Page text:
Georgia Tech Inventors have discovered a process for incorporation of PCM into fibers through wet spinning-dry jet spinning of polymeric dopes. Microencapsulated PCM’s are first incorporated into a polymeric dope through a series of high powered sonication and mixing using an impeller. A "Prime Dope" with the remaining solvent and an equivalent fraction of polymer is then introduced and additional sonication and mixing steps are carried out. The dope is completed when the remaining required polymer is added and stirred until fully incorporated. Once all polymer has been incorporated, the completed dope is loaded into the spinning system, and allowed to degas for 12 hours to remove any air bubbles. Fibers are produced through extruding the dope through a spinneret through a low air gap, then through a water bath and unto a take up drum. Solvent exchange in water is carried out daily for 3 days.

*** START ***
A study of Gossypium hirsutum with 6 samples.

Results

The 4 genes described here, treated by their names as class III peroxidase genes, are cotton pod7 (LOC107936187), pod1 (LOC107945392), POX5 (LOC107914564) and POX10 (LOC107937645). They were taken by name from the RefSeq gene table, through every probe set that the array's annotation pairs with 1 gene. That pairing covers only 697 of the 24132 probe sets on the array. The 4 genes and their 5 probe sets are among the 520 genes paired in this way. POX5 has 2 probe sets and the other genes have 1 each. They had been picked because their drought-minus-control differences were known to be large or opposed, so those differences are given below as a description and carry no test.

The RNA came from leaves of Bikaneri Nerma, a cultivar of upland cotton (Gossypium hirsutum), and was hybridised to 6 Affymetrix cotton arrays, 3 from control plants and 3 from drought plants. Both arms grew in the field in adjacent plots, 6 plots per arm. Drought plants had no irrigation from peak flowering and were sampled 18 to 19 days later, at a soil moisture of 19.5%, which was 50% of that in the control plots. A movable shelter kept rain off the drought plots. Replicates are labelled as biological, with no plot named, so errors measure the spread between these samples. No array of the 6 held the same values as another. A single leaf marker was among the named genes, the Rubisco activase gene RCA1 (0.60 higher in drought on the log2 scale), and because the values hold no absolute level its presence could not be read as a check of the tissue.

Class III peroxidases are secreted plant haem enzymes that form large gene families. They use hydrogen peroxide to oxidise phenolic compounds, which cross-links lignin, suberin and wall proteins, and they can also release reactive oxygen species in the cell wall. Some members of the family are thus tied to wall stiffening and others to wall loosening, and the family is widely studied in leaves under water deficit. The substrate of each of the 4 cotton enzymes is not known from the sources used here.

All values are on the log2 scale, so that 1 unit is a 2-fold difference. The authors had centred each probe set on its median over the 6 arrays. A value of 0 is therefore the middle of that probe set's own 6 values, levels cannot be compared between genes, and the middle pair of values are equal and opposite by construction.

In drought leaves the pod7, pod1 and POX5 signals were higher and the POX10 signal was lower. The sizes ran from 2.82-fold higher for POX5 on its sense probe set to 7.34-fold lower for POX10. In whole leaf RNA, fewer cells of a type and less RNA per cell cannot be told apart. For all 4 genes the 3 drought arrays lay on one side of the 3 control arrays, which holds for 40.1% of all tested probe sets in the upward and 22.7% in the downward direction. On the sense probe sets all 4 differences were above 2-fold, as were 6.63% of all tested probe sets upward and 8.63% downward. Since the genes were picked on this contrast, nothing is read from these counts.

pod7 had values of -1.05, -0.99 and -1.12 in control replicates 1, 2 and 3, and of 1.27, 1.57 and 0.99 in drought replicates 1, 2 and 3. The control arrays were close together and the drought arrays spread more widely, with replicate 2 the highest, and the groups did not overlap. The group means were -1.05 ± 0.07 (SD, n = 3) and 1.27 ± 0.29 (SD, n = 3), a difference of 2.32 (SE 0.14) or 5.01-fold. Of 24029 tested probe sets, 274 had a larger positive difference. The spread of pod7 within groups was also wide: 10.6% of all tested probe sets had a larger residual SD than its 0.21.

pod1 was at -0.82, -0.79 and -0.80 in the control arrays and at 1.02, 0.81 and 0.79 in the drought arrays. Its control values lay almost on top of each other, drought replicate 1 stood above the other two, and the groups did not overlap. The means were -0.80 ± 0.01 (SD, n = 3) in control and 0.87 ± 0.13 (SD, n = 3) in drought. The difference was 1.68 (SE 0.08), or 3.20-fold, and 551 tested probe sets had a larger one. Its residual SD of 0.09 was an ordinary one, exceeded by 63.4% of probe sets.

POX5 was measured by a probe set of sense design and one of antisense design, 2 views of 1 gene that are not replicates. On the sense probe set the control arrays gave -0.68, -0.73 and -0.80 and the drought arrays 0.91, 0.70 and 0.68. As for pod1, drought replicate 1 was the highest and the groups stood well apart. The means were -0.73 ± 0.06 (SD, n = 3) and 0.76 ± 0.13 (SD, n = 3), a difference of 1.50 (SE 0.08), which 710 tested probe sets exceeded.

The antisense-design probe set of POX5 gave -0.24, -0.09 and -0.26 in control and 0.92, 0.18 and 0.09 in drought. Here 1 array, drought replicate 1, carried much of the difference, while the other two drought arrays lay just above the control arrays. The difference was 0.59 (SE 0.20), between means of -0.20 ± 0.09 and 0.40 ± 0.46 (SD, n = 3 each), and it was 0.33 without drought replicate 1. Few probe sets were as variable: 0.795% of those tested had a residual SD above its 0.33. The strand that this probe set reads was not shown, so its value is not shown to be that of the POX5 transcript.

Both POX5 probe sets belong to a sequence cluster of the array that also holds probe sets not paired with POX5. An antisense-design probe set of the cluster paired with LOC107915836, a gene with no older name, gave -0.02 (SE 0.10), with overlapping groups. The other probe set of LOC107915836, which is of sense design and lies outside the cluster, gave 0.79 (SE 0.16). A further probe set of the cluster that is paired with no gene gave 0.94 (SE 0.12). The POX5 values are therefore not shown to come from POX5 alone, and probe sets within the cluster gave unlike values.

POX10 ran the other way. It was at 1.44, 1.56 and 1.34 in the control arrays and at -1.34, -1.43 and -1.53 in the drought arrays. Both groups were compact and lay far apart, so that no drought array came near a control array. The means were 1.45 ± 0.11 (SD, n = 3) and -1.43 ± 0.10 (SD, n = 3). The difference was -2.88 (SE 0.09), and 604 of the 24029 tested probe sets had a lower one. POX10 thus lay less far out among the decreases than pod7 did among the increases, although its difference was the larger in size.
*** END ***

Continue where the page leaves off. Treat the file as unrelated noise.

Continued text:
- Improved thermally modulated fibers with high mass loading
- Implementing a heat/sink source directly into the fiber next to the sorbent material
- Enhanced pressure swing adsorption processes
- Efficient process
- Ability to incorporate phase change materials into fiber polymeric contactors
- Allows for other materials to be introduced "next to" the phase change materials
- Applied towards the production of thermally modulated fiber material
- Use with thermal protection systems
Phase change materials (PCMs) can store and release large amounts of energy to maintain constant temperature. Compared to insulation materials, they change phases and absorb and release a large amount of energy. Various industries, such as construction, transportation, commercial refrigeration, textiles, and packaging require efficient heating and cooling. Therefore, PCMs are expected to be environment-friendly and energy-efficient.